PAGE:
BMJ. 2007 November 24; 335(7629): 1069.
PMCID: PMC2094207

WHO and UN slash their estimates of global HIV prevalence

The World Health Organization and the United Nations have revised downwards their estimate of the number of people infected with HIV in 2007—from nearly 40 million to 33.2 million.

“The single biggest reason for the reduction in global HIV prevalence figures in the past year was the recent revision of estimates in India after an intensive reassessment of the epidemic in the country,” says a report by UNAIDS (the joint United Nations programme on HIV and AIDS) and WHO.

About 50% of the difference is due to the reduction in the estimated prevalence in India and another 20% to a revised estimate in several countries in sub-Saharan Africa, including Nigeria, Mozambique, Zimbabwe, Kenya, and Angola.

The revised estimate for India puts the number of people with HIV at 2.5 million, down by more than half from the previous estimate of 5.7 million.

“These improved data present us with a clearer picture of the AIDS epidemic, one that reveals both challenges and opportunities,” said Peter Piot, executive director of UNAIDS. “Unquestionably, we are beginning to see a return on investment: new HIV infections and mortality are declining, and the prevalence of HIV is levelling. But with more than 6800 new infections and over 5700 deaths each day [resulting from] AIDS we must expand our efforts.”

The number of new HIV infections is expected to reach 2.5 million in 2007, including 330 000 children under 15 years old, says the report.

Ron Brookmeyer, professor of biostatistics at the Johns Hopkins Bloomberg School of Public Health, Baltimore, said that more accurate estimates and trends “will ultimately lead to improvements in the design and evaluation of prevention programmes.”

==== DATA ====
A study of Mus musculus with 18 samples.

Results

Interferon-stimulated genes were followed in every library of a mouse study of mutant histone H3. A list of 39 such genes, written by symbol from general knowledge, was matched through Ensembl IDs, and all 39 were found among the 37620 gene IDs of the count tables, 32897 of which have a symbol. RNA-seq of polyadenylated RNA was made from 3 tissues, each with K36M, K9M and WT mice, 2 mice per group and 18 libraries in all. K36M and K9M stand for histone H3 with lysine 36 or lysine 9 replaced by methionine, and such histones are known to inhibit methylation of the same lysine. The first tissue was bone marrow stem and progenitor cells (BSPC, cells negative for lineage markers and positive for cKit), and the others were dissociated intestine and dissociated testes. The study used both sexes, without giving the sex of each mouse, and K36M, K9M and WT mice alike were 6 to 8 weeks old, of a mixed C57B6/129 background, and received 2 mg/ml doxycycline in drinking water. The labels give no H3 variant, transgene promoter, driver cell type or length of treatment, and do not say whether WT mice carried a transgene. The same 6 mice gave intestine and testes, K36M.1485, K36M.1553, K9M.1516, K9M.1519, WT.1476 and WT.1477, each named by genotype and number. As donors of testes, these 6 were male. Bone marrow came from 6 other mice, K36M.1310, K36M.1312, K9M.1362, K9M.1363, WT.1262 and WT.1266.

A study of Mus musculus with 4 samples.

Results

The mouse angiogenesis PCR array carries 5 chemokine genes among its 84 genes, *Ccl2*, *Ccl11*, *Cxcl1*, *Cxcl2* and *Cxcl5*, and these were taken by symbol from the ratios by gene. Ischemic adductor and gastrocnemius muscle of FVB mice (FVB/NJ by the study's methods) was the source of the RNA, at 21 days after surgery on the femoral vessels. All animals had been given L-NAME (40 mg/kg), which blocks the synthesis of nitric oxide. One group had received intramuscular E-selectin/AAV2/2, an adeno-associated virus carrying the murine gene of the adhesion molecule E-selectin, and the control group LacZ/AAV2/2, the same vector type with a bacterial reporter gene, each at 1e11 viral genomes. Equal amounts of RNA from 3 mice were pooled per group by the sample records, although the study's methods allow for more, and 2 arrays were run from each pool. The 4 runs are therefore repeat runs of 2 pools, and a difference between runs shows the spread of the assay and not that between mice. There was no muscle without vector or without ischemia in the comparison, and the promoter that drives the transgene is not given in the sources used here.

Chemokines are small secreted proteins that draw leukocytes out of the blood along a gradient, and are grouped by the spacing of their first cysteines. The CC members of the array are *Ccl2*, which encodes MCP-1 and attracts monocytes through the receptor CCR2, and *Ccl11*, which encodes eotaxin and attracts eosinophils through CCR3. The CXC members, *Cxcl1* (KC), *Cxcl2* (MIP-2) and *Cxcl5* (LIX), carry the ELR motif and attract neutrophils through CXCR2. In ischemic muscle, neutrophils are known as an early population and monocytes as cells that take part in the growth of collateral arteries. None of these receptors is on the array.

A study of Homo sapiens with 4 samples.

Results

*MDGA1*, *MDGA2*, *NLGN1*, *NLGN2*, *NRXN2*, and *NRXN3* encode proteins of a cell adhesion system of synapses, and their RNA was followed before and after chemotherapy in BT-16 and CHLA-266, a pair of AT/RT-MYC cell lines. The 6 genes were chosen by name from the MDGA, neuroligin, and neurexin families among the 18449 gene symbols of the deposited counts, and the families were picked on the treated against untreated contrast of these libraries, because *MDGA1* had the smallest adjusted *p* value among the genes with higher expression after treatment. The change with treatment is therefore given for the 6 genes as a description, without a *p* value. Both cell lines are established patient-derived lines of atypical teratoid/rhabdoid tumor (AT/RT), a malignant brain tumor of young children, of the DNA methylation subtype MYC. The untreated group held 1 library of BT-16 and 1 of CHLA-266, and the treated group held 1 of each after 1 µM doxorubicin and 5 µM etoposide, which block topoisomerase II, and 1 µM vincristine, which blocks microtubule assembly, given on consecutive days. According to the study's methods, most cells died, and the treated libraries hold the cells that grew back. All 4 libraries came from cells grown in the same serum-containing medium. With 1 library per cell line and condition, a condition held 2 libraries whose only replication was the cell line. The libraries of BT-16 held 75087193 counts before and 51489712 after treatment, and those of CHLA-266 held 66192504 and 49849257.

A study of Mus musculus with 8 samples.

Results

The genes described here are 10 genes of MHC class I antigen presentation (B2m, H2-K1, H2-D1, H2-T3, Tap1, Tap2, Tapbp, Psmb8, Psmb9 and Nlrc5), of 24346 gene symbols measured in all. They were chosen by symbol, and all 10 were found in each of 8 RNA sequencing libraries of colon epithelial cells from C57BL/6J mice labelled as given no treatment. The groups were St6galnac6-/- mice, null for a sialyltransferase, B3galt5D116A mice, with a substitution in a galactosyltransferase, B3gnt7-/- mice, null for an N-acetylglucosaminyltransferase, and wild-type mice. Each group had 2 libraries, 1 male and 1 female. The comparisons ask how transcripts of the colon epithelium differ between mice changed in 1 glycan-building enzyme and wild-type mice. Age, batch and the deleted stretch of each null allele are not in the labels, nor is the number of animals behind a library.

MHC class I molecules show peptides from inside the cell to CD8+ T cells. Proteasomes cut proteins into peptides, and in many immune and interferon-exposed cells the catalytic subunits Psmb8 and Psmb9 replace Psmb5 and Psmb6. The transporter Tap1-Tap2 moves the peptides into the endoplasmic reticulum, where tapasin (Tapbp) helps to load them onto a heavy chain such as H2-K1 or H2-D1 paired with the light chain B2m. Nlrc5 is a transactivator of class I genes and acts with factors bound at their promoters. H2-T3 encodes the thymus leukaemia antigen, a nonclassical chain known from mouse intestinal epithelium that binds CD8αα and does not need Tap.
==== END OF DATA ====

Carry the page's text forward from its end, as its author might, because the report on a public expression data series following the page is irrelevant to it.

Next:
Professor Brookmeyer, who also chaired the independent panel review on epidemiological estimates convened by UNAIDS and WHO, said, however, that there is “a need to further improve the representativeness of the underlying data [and] to expand disease surveillance systems to better track sub-epidemics in risk populations within each country.”

Kevin De Cock, WHO's director for HIV and AIDS, said that the new estimates “are of a better quality than those of the past.” But he added, “We need to continue investing more in all countries and [in] all aspects of strategic information relating to health.”

Overall the outlook is still grim, and some South East Asian countries have reported sharp increases in the number of new HIV infections. Vietnam and Indonesia have registered the fastest increases in incidence in the region—in Vietnam the number of new cases rose from 120 000 in 2000 to 260 000 in 2005.

Sub-Saharan Africa, however, remains the most severely affected region. The report estimates that the number of people newly infected with HIV in Sub-Saharan Africa will reach 1.7 million in 2007. This brings the total number of people in the region with HIV to 22.5 million, 68% of the world total. In 2007 about 1.6 million people in the region died from AIDS, more than two thirds of the global total of 2.1 million.